Fanfares for the Common Man on July 4

One of the most frequently played musical tributes in July 4th concerts is Aaron Copland’s Fanfare for the Common Man. 

He wrote Fanfare in response to a 1942 request from  the conductor of the Cincinnati Symphony Orchestra as the US became became fully involved in World War II.

As a musical form, a fanfare is usually a brief, musical introduction to some  noteworthy person, ceremony or event.  Fanfares announce the appearance of Royalty in Europe, open the  Olympic games, precede important national or military occasions and celebrate events such as the dedication of a memorial or new public space.

By this time Copland had  composed a wide variety of scores for orchestra, dance, film and drama that portrayed uniquely American sounds. Compositions such as Rodeo, Billy the Kid, Appalachian Spring evoke scenes of our country from the expansive West to the modern city.

Here is an example of Copland conducting Hoedown from the ballet Rodeo.  Get ready to dance along with him on the podium!

Copland considered multiple names for his new composition including “Fanfare for the Day of Victory,” “Fanfare for Our Heroes,” “Fanfare for the Spirit of Democracy,” “Fanfare for the Paratroops” before Fanfare for the Common Man.   The phrase had been used by Vice President Henry Wallace who called the 20th century the Century for the Common Man.

The music is martial, dramatic, easy to follow and heroic in feeling.  He wanted to honor the ordinary people who were doing the fighting and dying in the war.   It is still the most popular piece in patriotic concerts.

One person upon hearing the music wrote:  I would love this as the anthem of humanity, the song of farmers, cobblers, men who were raised from the land, staring into the night sky at the fat moon and saying, “I am going there,” and never once doubting his words.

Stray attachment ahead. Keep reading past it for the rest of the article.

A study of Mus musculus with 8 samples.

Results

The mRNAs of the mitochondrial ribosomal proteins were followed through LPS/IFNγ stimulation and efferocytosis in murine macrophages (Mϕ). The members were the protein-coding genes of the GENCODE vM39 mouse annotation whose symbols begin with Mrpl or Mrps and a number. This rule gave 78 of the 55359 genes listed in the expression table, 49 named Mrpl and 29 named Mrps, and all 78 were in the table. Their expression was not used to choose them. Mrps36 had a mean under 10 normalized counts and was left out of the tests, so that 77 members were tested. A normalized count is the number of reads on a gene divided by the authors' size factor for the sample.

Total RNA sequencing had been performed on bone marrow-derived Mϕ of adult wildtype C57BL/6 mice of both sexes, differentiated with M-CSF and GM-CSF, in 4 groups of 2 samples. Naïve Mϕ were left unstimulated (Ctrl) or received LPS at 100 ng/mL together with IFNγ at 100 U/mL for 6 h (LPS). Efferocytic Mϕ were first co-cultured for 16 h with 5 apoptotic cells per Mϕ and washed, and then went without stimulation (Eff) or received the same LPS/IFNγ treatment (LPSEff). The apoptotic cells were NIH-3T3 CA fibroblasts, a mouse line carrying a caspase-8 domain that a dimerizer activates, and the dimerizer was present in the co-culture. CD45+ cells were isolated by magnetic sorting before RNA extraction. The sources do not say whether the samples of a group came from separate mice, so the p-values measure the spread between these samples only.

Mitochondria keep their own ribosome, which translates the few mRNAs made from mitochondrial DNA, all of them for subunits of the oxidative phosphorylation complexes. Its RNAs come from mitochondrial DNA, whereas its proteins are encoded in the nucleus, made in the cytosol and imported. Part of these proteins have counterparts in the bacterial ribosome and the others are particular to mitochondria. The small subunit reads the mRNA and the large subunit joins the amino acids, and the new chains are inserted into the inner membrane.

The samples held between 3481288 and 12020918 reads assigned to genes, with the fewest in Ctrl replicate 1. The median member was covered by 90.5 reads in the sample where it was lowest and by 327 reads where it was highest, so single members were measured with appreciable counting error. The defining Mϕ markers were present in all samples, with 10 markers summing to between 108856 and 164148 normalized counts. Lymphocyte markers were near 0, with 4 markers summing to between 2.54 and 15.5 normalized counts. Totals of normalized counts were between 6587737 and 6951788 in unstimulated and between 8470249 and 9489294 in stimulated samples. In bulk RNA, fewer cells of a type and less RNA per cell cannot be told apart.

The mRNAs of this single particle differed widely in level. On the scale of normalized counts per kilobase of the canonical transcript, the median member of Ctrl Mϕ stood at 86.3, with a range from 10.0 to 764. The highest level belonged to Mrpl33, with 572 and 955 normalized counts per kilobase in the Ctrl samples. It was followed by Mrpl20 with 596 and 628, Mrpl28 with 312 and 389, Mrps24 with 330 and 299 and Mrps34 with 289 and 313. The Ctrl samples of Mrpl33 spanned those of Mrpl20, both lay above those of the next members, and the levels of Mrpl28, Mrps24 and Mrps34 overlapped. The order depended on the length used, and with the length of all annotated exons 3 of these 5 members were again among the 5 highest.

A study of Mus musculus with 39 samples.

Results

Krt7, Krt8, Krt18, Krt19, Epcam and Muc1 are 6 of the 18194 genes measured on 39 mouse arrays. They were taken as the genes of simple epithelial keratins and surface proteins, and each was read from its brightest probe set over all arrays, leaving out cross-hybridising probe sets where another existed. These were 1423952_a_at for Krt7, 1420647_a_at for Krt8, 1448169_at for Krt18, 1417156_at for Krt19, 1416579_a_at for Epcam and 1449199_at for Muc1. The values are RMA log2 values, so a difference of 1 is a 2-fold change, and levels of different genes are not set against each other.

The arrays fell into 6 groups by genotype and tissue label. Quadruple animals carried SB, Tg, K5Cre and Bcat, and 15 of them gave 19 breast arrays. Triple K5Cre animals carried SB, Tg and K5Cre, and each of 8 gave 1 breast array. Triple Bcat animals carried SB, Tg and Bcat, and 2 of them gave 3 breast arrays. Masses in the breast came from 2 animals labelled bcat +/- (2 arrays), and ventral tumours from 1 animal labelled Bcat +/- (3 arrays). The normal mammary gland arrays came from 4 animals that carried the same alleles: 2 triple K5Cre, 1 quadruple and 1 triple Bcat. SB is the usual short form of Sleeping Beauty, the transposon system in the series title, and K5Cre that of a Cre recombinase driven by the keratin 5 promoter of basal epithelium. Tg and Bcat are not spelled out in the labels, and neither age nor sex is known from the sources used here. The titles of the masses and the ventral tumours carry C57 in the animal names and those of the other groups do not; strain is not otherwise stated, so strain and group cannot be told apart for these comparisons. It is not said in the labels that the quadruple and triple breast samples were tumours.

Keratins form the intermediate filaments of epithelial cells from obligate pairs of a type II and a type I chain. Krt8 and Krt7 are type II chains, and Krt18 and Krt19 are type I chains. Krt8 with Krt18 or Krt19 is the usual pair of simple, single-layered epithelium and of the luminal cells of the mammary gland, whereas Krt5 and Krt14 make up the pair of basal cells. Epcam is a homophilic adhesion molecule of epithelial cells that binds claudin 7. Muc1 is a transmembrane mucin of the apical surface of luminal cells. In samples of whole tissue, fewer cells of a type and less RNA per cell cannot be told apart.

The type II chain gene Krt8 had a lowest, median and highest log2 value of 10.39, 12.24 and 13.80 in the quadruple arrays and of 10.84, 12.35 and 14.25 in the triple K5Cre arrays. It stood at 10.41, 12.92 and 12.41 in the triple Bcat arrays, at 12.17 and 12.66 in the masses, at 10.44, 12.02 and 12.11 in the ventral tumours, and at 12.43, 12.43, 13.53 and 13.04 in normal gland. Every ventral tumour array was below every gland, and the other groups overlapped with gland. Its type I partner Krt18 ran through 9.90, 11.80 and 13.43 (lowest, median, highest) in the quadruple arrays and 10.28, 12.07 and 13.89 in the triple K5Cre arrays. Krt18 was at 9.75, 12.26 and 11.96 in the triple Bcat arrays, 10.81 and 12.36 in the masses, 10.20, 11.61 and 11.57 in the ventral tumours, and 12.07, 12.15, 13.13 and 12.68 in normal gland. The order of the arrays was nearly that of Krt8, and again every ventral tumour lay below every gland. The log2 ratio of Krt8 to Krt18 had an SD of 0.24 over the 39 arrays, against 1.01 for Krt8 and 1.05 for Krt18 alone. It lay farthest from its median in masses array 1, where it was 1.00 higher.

The version which follows is the one that you will hear across the country today.


Another Salute to the Common Man

Few of us will compose music to communicate a vision.  Most will use the spoken or written word.   What follows is from a life dedicated to Copland’s Common Man:

“My life has been centered around my family, my wife Jean, and credit unions. Why credit unions? Because I could never accept that in America those who had the least and knew the least should always pay the most for financial services.

“I believe that credit unions were created to correct that injustice. In the words of Thomas Paine – a true revolutionary in all respects –“I have always objected to wealth achieved through the misery and misfortune of others”.

“That economic injustice continues to thrive in our financial system today. Credit unions remain the alternative, the best hope, the answer.

“We all confront an uncertain future, and many folks would like to rewrite the past. You and I know we cannot change the past. But if we have credit union leaders with integrity, courage and character; we most certainly can reshape the future…but changing the future is very hard work.

“Arthur Ashe, the great American tennis player, described the credit union leaders we need. Ashe said: “ True leadership is not the urge to surpass all others at whatever cost, true leadership is the urge to serve all others at whatever cost.”. . .

(The words by Jim Blaine, former CEO of State Employees NC,  to the African American Credit Union Coalition upon his induction to its Hall of Fame)

Two tributes on July 4th  to celebrate liberty for all and especially the contributions of the Common Man.